Is the BP oil spill Obama’s Katrina?
Criticism of US President Barack Obama and his administration is high. Many believe Obama has not visited the region enough, has not done enough to address public anger over the lack of accountability on the part of BP and some are even calling the spill Obama’s Katrina.
“Where have you [Obama] been? The response of this has been inadequate,” said J.P. Freire, the associate editor of commentary with the Washington Examiner.
The American public is angry both at BP and Obama.
“This man [Obama] is not playing the part of the ‘Feeler-in-chief, he’s not expressing enough of the outrage the American public feels,” said Freire.
Freire said that BP ought to be held accountable and that new reforms are needed to prevent similar crisis in the future. While BP is certainly at fault, Obama is likely to be blamed and suffer politically due to the increasing amount of time it is taking him to get his message out and solve the problem.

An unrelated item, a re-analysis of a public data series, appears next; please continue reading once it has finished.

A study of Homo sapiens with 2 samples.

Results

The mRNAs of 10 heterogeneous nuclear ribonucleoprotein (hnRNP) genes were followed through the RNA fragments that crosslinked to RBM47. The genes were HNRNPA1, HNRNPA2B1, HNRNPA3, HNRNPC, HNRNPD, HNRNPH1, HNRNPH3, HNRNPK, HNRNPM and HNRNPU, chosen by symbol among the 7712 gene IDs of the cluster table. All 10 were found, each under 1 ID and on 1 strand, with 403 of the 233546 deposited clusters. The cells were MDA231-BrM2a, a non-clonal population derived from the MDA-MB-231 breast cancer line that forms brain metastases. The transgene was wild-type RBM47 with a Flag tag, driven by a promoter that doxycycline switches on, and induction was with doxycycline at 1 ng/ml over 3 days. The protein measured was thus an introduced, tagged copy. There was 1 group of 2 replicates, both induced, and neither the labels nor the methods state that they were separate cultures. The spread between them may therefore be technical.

“It’s going to last when people say why are you taking so long with this sort of thing. That can be a refrain that comes up throughout the rest of his presidency,” said Freire.
Conservatives in America have been strong critics of Obama’s handling of the issue, yet they continue to oppose further government regulations, reforms and policy changes to solve the problem.
“BP has this oil lease, has a seabed lease from the federal government. So, it’s automatically a federal issue which means that it’s the federal government’s responsibility to deal with this well. So, conservatives being upset about how the federal response is not good is entirely consistent with that view,” said Freire.
However, conservatives have been continually critical of a government decision to halt oil drilling at about 30 other oil rig locations.
Freire argues that there is no need to freeze the drilling at other sites simply because of the PB spill, stating that the other sites are being inspected more diligently now and should be able to continue operations.
“I would not say that the best thing to do would be to halt all oil production entirely. Because, again, this has only happened once in 40 years,” said Freire.
Off-shore drilling should continue, but needs to be more heavily regulated to ensure such disasters do not occur in the future, said Freire.